In Denmark we have a bicycle culture like no other country - Our cities are small, the terrain is flat, and the Danish countryside is beautiful. 12000 km of bicycle routes ensures you an unforgettable and complete bicycle vacation in Denmark.
Equipment - If you want to go on the road in Denmark then your bike must have a bell, a white front-facing reflector, yellow reflector the on pedals, a yellow reflector on each wheel's spokes (or white reflective tires or rim sides) and a red-backed rear-view reflector. After dark, you must have a white or yellowish headlight and a red tail light on the bicycle.
A two-wheeled trailer must have two white reflectors in front and two red reflectors at the back and two yellow reflectors on each side. After dark, the bicycle trailer must have a red tail light in the centre of the back or on the left side.
Transporting children on a bike
If you are over 15 years old, you may have two children under 8 years of age on your bike. In bicycle trailers specially designed for children, you may transport up to two children, regardless of age. Whether the children are sitting in the front, rear or a bicycle trailer, they must always be securely fastened. A so-called half-cycle, i.e. half child bicycle which is mounted on the end of an adult bike, must be used under the same rules as a bicycle trailer.
Signing in traffic
An outstretched hand pointing left indicates the bicyclist's intention to turn left.
An outstretched hand lifted above the shoulder indicated that the bicyclist is stopping or intends to stop.
An outstretched hand pointing right indicates the bicyclist's intention to turn right.
There are no rules governing bicycle helmets (2015), although we still strongly advise that all bicyclist protect themselves and their heads with a bicycle helmet.
Here you can read more about the rules and regulations for cycling in Denmark (in Danish)
Tips & tricks
Find your way
Protruding from the landscape you often see the Danish church steeples, and they work marvellously as place markers if you aren't using a GPS, have no signal or cannot find your way using a map. At churches, you often find drinking water and toilets. We recommend that you use our google maps as they can be downloaded for offline use on your phone so you don't have to worry about cell phone signal in the middle of the forests.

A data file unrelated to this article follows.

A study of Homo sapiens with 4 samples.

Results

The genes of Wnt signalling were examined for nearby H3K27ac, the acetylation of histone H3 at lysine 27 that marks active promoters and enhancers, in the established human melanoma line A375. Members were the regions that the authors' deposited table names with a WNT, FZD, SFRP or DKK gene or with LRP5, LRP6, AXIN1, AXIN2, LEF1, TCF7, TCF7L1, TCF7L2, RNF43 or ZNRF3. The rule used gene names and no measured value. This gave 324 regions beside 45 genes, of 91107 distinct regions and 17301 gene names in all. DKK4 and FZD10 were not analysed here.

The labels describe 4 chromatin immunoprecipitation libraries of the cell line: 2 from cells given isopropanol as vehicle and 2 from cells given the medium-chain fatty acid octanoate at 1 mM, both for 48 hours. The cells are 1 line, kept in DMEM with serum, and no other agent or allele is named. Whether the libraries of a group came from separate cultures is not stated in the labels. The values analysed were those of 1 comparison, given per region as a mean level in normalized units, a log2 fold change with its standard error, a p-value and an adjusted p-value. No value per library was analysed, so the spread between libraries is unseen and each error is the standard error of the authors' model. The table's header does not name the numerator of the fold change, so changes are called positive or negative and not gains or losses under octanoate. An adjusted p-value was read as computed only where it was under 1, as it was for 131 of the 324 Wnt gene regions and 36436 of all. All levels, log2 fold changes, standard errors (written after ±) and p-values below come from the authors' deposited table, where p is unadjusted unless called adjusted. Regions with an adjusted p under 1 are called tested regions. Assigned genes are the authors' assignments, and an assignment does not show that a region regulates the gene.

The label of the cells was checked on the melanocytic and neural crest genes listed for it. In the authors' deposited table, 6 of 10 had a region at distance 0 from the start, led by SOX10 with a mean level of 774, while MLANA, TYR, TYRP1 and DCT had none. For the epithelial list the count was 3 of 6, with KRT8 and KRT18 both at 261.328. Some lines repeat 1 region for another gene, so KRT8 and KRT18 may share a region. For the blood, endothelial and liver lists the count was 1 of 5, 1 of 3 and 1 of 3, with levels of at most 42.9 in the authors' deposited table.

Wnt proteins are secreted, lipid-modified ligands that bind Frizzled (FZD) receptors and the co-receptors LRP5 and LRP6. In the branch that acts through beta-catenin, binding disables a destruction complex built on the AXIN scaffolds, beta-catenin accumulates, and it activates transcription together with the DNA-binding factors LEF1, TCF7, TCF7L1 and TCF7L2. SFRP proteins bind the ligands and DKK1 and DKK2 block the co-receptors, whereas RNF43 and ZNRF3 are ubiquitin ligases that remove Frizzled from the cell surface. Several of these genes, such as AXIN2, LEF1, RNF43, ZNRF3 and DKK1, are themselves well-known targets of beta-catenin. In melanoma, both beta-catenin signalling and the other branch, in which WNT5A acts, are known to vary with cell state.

Furthermore, we remind you that a smile and a kind word help you along tremendously. Feel free to say hi or "hej" when you pass or get passed. Feel free to chat with people - they might even have a fantastic tip for other places that you can visit on your bike.
Before the trip
Consider your expectations and the number of breaks - Be sure that you all have the same trip in mind, a racing trip and a trip at a granny's pace are widely different and will lead to one or more parties having a bad experience. Remember to stop and enjoy life and the journey, it greatly increases your enjoyment during the trip and helps prevent sore limbs and muscles. Plan your breaks, but take extra breaks as needed.
Adults cycle about 15 km/h and children 8 km/h.
Set up your bike before you start the trip - it is stupid to bike with a maladjusted bike that eventually hurt or tire your muscles and ligatures. If you are unsure about the bike's settings, bring an Allen key or take a short ride before you venture out on longer trips.
The expression "There is no such thing as bad weather, only inappropriate clothing" also rings true with biking. You can easily overheat or freeze if you don't dress appropriately.
Stiff souls, comfortable pants with many layers on the bum, a change of clothes and extra clotes are our advice. Furthermore, you must remember snack, water, sunscreen and your cell phone. If you know how to use it a tire fixing kit can also be reccomended.